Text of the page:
Update your camera gear
There comes a time when your digital camera doesn’t do your skills justice. While point-and-shoot cameras are convenient and cheaper, they are restricted by their simplicity and their smaller sensor size.
Unfortunately, the old adage ‘you get what you pay for’ is still the truth. Even an entry-level DSLR and kit lens will produce sharper and bigger images, and allow you to play with a wider aperture range, from at least f/4 to f/22.
If you’re into landscape photography, a sturdy tripod is a must, as is a polarising filter to darken blue skies. A cable release will prevent camera shake during longer exposures. A decent kit bag will protect your expensive gear, and enable more efficient access to it.
Subscribe to a photography magazine
The racks of most bookshops are stacked with numerous photography magazines. My favourite is Digital SLR Photography*, which boasts a higher standard of writing than found in other titles from the UK. Of course, these days you can subscribe to the digital version of magazines, and download them to your mobile device of choice.
Start a personal project
A popular pastime is to shoot a photo every day for 365 days. The idea is to force yourself into the habit of getting your camera out regularly, not just for holidays, or special occasions. Shoot ordinary events or items.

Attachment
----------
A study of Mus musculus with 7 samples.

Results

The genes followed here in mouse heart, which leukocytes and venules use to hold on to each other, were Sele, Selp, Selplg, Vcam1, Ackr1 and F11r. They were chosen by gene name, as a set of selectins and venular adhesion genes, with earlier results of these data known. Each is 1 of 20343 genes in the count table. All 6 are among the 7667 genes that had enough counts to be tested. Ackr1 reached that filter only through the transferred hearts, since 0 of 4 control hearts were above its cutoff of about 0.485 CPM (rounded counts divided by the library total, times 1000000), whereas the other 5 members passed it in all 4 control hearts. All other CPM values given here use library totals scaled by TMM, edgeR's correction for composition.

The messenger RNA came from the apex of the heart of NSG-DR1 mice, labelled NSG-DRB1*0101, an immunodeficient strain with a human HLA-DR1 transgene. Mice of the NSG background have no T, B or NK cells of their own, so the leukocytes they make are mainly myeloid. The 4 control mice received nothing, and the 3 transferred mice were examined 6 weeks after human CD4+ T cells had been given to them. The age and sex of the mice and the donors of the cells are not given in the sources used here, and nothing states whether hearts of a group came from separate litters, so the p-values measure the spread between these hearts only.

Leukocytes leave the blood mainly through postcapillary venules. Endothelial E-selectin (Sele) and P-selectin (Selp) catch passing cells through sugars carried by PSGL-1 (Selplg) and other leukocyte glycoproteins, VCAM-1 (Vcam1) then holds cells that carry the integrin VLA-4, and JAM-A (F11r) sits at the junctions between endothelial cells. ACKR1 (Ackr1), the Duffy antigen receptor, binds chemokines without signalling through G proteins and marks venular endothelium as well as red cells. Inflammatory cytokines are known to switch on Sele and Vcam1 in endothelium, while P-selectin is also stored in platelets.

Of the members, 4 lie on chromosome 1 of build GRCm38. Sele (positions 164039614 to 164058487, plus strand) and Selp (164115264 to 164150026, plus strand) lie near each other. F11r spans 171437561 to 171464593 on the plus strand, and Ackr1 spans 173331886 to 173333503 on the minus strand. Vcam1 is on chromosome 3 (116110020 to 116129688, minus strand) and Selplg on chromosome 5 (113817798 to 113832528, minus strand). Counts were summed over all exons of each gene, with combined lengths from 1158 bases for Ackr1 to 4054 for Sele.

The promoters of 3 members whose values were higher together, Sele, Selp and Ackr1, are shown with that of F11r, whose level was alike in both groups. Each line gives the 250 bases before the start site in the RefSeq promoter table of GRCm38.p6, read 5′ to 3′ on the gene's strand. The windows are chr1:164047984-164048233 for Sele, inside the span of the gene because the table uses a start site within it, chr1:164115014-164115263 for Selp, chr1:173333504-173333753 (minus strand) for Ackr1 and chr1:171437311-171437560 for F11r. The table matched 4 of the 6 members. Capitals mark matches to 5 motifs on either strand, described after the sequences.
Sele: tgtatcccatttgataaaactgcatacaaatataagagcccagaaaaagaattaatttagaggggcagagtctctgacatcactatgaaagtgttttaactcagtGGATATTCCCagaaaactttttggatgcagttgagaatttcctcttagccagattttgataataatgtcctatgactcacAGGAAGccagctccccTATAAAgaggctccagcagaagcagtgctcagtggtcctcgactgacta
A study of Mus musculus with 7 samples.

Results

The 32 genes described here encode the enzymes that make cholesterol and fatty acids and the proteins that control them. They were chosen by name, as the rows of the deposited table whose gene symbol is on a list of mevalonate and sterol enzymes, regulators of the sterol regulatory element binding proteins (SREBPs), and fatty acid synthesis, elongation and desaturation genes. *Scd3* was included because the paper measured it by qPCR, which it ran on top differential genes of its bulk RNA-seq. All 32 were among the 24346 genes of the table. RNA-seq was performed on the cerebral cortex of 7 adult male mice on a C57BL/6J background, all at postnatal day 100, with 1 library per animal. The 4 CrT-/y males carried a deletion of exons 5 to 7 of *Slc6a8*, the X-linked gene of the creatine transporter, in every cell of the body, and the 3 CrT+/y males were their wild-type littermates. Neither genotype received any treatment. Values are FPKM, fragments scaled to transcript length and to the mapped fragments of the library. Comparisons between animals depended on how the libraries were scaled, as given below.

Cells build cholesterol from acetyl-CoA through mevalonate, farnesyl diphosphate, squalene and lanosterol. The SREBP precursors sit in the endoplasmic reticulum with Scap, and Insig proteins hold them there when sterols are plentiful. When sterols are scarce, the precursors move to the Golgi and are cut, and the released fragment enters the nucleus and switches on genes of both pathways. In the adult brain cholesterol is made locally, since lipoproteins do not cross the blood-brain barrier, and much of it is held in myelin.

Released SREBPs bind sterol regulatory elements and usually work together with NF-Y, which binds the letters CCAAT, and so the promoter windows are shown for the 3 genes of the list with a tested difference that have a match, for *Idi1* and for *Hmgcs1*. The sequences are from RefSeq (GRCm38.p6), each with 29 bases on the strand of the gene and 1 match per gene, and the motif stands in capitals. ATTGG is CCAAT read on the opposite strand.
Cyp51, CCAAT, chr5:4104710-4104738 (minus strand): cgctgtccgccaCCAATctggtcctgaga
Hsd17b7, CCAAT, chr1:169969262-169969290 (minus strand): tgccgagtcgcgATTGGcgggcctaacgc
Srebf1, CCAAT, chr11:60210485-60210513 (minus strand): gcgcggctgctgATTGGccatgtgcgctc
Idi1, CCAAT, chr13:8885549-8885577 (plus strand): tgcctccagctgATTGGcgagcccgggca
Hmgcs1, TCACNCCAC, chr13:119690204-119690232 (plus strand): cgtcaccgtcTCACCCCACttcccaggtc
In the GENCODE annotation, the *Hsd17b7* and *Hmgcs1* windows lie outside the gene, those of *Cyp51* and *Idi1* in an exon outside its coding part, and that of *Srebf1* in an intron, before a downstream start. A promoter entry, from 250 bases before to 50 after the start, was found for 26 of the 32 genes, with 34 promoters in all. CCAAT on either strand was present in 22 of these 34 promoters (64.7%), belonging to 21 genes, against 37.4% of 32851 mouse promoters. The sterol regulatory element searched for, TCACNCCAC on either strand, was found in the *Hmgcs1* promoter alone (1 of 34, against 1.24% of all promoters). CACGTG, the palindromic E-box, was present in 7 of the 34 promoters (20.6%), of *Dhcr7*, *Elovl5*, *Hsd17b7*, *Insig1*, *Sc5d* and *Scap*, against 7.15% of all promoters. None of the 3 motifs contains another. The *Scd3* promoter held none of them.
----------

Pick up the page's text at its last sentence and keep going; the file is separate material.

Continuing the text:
Dedicated 365 websites give tips and ideas.
You could photograph a ‘selfie’ in the mirror to record your beard growth for 12 months, and then create a time lapse.
Another worthwhile project is to choose a numeral (e.g. 8) or a colour (e.g. red). Walk around town for a day, only shooting this topic. You will be amazed at how such a focussed assignment will hone your observation skills.
Enter a photography competition
Success in a local, national or even international competition is not only a huge boost to your confidence, and reputation – you may collect some fantastic prizes too. Competitions range from promotional gimmicks at local events (think A&P shows or radio stations), non-profit organisations (think camera clubs) to magazines which run these on an annual basis.
This is a great way to expose your work to a wider audience, and broaden your skill set. The more prestigious competitions will charge entry fees, particularly the umbrella organisations for professionals, where winners are highly acclaimed.
Get your work published
If you love to photograph in a narrow niche (e.g. animals, gardens, fashion, children, or sports), and believe your images will withstand an editor’s scrutiny, why not send a sample CD off to your favourite publication? Magazine editors are forever on the lookout for fresh takes on old topics. Follow up with a phone call, or better, a personal visit.
If you’re a competent wordsmith, even better, as you’ll get paid more for quality writing than for a handful of photos. However, be warned: editors are notorious for not replying, so you will need to be tenacious. Don’t give up.